A formation of musicians playing popular music is known as a taraf, with professional musicians known as lăutari. Such groups have been playing for dancing in Romania for at least some hundreds of years.
The modern violin arrived in Romania in the 18th century and is known by a variety of names; cetera – Transylvania, scripcar – Moldavia, lăuta – Banat and Hunedoara. The earlier forerunners of the violin such as the rebec, Slavic gusle or eastern kemene are found in all Romania’s neighbours, but not in the existing traditional music of Romania.
Six hole pipes caller fluier are the most widespread traditional instruments in Romania and were used in the past for dance music. Many of these designs of pipe are common throughout the Balkans, with Romania having the greatest variety. Instruments are made by the players and artisans.
The fluier pipe is still common and was the main instrument for dance music in Romania, with rhythmical accompaniment later added by a cobza. Although the bagpipe was popular from medieval times, as it was in most European countries, it became rare in recent times until revived during the 20th century for organised folklore performance. The violin has influenced the music in all regions of Romania and became the principal melody instrument since its introduction. However more recently the music played in the social dance context is dominated by saxophone and keyboard.
The oldest type of footwear is peasant sandals (opinci) worn with woollen or felt foot wraps (obiele) or woollen socks (caltuni). Boots were introduced during Ottoman times, and were worn first by the upper classes, only becoming available to the richer peasants in the 19th century. Men’s calf length boots (cizme) were made of black leather. Women in Sibiu, Mediaș and Făgăraș wear a ankle height laced black boots called gheată (pl. ghete).
Broad leather belts are worn by men throughout Transylvania including Maramureș, in most of Moldavia, and along the southern side of the Carpathians. These are made from folded leather and differ in width and decoration from zone to zone. The most widespread decoration technique involves stamping the leather from the underside to make decorative patterns (called repoussé work which means “raised in relief”) and decorating with eyelets, or decorating with narrow stripes of thin coloured leather called meșină.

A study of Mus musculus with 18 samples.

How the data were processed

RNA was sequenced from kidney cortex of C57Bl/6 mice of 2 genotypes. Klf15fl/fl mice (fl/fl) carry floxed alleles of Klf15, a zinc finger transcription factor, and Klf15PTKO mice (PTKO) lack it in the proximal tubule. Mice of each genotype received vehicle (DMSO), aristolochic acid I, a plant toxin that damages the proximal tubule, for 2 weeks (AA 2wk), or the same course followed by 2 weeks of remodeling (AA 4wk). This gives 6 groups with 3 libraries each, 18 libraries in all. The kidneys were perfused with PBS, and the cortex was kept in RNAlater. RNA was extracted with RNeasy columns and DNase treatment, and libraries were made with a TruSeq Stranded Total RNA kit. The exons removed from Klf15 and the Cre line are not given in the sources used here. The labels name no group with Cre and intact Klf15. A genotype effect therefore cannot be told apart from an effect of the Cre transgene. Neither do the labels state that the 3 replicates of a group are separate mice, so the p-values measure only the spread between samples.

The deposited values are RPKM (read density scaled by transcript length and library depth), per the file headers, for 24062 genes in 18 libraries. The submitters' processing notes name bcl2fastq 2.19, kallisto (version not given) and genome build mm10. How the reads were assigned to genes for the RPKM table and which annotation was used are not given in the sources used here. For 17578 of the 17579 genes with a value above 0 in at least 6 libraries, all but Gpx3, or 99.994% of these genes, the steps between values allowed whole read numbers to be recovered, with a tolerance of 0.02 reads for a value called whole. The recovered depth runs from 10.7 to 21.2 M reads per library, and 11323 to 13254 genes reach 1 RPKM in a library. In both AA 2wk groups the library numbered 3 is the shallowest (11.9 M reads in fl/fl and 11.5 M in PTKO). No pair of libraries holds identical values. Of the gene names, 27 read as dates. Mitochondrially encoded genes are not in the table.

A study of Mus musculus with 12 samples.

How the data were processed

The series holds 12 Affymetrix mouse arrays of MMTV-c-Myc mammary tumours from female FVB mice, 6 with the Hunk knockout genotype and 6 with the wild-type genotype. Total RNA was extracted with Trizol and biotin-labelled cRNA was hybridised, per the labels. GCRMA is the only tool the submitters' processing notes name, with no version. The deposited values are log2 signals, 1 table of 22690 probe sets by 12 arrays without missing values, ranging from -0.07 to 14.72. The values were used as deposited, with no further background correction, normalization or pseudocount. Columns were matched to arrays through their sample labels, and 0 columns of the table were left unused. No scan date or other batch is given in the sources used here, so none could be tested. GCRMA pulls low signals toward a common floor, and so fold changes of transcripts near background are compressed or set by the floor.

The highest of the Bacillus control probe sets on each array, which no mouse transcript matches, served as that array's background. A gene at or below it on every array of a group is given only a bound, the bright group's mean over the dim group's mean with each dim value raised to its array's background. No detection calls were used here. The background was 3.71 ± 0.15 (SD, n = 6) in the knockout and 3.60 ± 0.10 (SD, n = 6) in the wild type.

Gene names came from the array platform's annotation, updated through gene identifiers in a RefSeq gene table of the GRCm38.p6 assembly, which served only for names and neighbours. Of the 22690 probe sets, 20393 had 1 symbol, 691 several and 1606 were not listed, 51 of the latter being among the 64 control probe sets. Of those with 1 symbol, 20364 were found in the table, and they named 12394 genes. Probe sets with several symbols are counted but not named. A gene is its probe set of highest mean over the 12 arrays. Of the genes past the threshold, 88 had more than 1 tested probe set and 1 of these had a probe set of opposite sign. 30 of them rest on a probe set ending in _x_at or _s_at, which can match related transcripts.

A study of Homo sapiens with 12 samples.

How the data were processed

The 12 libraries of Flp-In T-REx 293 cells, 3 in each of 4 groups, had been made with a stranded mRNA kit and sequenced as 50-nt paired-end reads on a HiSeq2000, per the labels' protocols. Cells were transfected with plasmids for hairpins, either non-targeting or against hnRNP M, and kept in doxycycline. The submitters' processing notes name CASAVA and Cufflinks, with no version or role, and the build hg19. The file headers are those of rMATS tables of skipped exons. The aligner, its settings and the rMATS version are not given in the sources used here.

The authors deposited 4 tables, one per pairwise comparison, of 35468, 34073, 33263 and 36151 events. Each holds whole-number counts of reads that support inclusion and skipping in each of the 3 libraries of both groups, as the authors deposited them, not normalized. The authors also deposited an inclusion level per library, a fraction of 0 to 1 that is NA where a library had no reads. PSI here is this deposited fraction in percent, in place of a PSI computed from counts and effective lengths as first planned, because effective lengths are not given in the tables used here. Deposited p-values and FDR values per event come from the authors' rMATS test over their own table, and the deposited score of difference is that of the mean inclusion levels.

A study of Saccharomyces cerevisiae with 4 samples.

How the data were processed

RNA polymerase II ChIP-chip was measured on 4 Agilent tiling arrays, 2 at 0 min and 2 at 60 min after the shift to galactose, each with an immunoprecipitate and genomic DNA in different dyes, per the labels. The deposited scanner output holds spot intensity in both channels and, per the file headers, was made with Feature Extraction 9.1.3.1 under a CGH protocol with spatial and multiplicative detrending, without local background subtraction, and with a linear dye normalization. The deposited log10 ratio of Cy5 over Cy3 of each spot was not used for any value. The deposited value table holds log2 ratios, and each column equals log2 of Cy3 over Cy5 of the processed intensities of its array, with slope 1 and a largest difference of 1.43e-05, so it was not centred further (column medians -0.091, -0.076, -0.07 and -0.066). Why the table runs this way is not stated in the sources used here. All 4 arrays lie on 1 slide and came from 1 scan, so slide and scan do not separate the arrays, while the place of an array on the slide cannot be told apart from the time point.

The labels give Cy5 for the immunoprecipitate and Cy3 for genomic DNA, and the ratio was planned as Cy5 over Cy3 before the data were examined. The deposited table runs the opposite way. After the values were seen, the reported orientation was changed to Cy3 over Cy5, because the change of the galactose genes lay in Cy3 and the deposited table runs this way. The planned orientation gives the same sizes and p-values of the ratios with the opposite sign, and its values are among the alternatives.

There are two main types of woven belts called brâu and bete. The former are wider and are worn by men and women and bete are narrow and worn mainly by women. Decoration of stripes, woven geometric and floral patterns (alesături) are now common in certain regions. In some regions the warp threads are cut to make fringes on the ends and also tassels or pom-poms are made using the end threads, also white beads (mărgele) can be woven into the edges of the warp threads.
Long fabric costs called mintean are worn in Gorj, and Mehedinți. White felted woollen cloth waistcoats a waistcoat are called ilic and is decorated with black braid in patterns derived from the uniforms of the Hapsburg army in the Oltenia, Banat, Arad and Hunedoara regions. Dark cloth waistcoats called giubea are worn by men in Dobrogea, and southern Muntenia. In northern Muntenia, Transylvania men’s waistcoats (laibăr) made of plain black felted wool (postav). In southern Transylvania and north Muntenia black velvet ilice have replaced sheepskin waistcoats for women’s festive wear.
More to come …
The main type of head covering worn by women was an oblong cotton scarf (ștergar) or silk veil (maramă), a square headscarf (basma), large square scarf (broboadă), triangular headscarf (testemel), a bonnet (ceapsă), a straw hat (pălărie), or a combination of a scarf and a hat.
The patterns of embroidery on blouses and underskirts vary from region to region. Embroidery is used to emphasise the lines of the cut. A straight blouse (cămașă dreaptă) usually has embroidery around neck, on the shoulder seam and along the lengthways seams of the sleeves, and on the hem of the poale. Gathered blouses (cămașă încrețită) usually have embroidery around the neck, front, and sleeves, with little or no embroidery on the back.
There are five basic apron types: 1) the straight apron (catrință or zadie), 2) a pleated or gathered front apron (șorț or șurt), 3) the wrap round skirt (fotă) which is a single straight piece of cloth wrapped round the waist and fastened at one side, 4) a pleated or gathered wrap round skirt (vâlnic or peșteman), 5) skirts (with joined seam) called androc or fustă. These garments are worn in many different combinations according to the local zone and the prevailing fashion.
Hard felt hats and summertime straw hats can decorated for holidays and festive occasions with flowers, strings of beads, woollen tassels, gold thread cord, small copper chains, peacock or peasant feathers, ribbons etc.
Costume has continued mainly in the sub-Carpathian regions from Gorj, through Vâlcea and Argeș to Dâmbovița counties.
Traditional clothing in Oaș (Satu Mare county), Maramureș and Lăpuș (Maramureș county) ethnographic zones in the mountain region north of Transylvania at the border with the Ukraine.
Cloaks (sarică or bitușca), coats (cojoc) and waistcoats (pieptar) made from sheepskin developed a regional identity both in cut and decoration. The extent of the decoration on sheepskin coats and jackets depends on the purpose of the garment. Cojoace and pieptare made for work wear generally have little decoration, whereas a cojoc or pieptar for festive wear is often completely covered with embroidery and appliqué.